PARIS // Lance Armstrong violated anti-doping rules during a random test in Southern France and could face disciplinary action, according to the French Anti-Doping Agency (AFLD). The seven-times Tour de France champion "did not respect the obligation to stay under (the) direct and permanent observation" of the tester, the AFLD said in a statement. The American, 37, who returned to the sport in January after three-and-a-half years retirement, denied any wrongdoing on Tuesday.
Armstrong was asked to provide urine, blood and hair samples when returning from a training ride around Beaulieu-sur-Mer last month. "In a letter sent to the Agency on April 8, UCI (International Cycling Union) president Pat McQuaid said an interpretation of the World Anti-Doping code and UCI antidoping rules confers the AFLD the right to open a disciplinary procedure against Lance Armstrong," the statement read.
"The AFLD is competent to impose disciplinary sanctions to people who do not hold a French licence but train on the national territory." Any sanction imposed on Armstrong would be valid on French territory only. Armstrong is set to ride the Tour de France, which starts in Monaco on July 4. In a statement on Tuesday, Armstrong explained: "We told the tester we wanted to check with the UCI to confirm who he was and to make sure he wasn't just some French guy with a backpack and some equipment to take my blood and urine.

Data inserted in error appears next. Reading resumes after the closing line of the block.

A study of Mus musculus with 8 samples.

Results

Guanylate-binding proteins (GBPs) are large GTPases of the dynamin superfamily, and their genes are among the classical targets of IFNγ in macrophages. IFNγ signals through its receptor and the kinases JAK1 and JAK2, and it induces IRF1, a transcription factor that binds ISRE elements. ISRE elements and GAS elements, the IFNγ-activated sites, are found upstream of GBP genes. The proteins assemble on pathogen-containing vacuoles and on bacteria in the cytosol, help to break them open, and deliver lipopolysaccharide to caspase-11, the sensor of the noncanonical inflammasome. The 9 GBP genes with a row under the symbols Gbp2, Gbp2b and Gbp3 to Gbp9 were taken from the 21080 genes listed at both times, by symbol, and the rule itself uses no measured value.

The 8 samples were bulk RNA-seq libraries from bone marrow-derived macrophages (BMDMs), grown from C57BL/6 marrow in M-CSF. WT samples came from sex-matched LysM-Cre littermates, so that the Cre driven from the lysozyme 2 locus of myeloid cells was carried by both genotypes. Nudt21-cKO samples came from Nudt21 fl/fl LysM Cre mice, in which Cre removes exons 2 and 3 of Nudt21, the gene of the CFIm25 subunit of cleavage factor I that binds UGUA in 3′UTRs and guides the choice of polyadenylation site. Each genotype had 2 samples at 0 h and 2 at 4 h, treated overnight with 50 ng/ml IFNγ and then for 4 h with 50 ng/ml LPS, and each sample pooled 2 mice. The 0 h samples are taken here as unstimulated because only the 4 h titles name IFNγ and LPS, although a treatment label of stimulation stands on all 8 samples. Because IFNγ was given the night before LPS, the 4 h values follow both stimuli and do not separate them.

"Johan (Bruyneel, Astana team manager) stayed with him and in his presence called the UCI to find out what was going on. "We asked if it was OK for me to run inside and shower while they made their calls and the tester said that was fine." Armstrong has had a difficult relationship with Tour organisers, the Amaury Sport Organisation (ASO), who said last year the American's return to the race would be "embarrassing".
In 2005, French sport daily L'Equipe, owned by ASO's parent company EPA (Editions Philippe Amaury), claimed samples of Armstrong's urine from the 1999 race showed traces of the banned blood-boosting substance erythropoietin. However, Armstrong never tested positive and was cleared by a Dutch investigator appointed by UCI. The AFLD president Pierre Bordry last year invited Armstrong to have his 1999 samples retested but the Texan declined, arguing they could have been compromised.